Release Date : | Length : 165 Minutes

  • MJ Rating 2.8/5


“With a fairly engaging plot and a set of dazzling performances, Bol brings forth the prejudices and abuse of religion in Pakistan. A good example of intelligent cinema combined with ample entertainment. Go for it!”

Bol Credit & Casting

Iman Ali

Bol Box Office

  • Gross: INR 2.07 cr.
Disclaimer : The box office number indicates the approximate lifetime earnings of a film in India. Although it has been collated by extensive secondary research/ resources, we don’t guarantee its accuracy and assume no liability or responsibility for any errors or omissions. However it is sufficiently indicative but not exact figures of the box office performance of a film since release.

Bol Audience Review

Strong And Impactful

Rated 2.5 / 5
by Ameet Bhuvan (2,108 DM Points) | See all my reviews


From the makers of Khuda Ke Liye, Bol is a film that deals with the status of women and the girl child in modern day Pakistan. Like all things from that side of our border, thought the milieu is theirs, the situations and their essence can easily be form any Indian village of today. And this the core strength of the movie, it universalizes an experience, without once loosing its rooted feel and look.

Hakim sires daughters and a hermaphrodite, in his quest for that elusive boy child. His bigoted mind thinks nothing of swearing by the holy Kuran and at the same time insulting and torturing his wife and daughters, treating them like unwanted baggage while refusing to even acknowledge the hermaphrodite Saifu as his offspring. The eldest daughter Zainab, takes it upon herself to speak out against her father and fight for justice.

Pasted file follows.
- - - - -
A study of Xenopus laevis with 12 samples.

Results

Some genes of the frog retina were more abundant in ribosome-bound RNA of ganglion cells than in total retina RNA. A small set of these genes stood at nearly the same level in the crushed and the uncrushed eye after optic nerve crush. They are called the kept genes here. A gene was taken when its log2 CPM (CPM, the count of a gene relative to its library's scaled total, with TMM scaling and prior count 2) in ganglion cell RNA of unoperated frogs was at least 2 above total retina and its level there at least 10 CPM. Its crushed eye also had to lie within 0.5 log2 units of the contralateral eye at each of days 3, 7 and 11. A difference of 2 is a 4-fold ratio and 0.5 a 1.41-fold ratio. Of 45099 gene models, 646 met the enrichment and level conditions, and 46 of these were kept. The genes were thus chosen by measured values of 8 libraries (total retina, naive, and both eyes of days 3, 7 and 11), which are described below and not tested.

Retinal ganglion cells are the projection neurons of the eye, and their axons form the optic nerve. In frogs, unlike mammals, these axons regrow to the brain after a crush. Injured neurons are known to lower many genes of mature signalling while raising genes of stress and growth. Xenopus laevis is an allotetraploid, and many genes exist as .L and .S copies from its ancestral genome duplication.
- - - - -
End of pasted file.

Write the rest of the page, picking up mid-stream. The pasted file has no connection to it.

Through their story, the film brings to forth the bigotry and abuse of religion in Pakistan (in effect much of the sub continent too) without taking sides or forcing any one school of thought. The film gives as much space to the rigid father as it does to the free will espousing elder daughter.

The film is not devoid of flaws. For starters, it is too long. The narrative sags as a result in many a parts, but the performances lift the film up efficiently. With sterling nuanced performances by the entire cast, Bol brings home the point without pontificating.

Bol holds a mirror to Pakistan's social turmoil, it represents a section of the society reflecting on its own problems. Coming from an industry in tatters, Bol is a lesson for our very own Bollywood, that in the quest for a global voice, has forgotten its roots, its own stories. This is one cinema you wouldn't want to miss.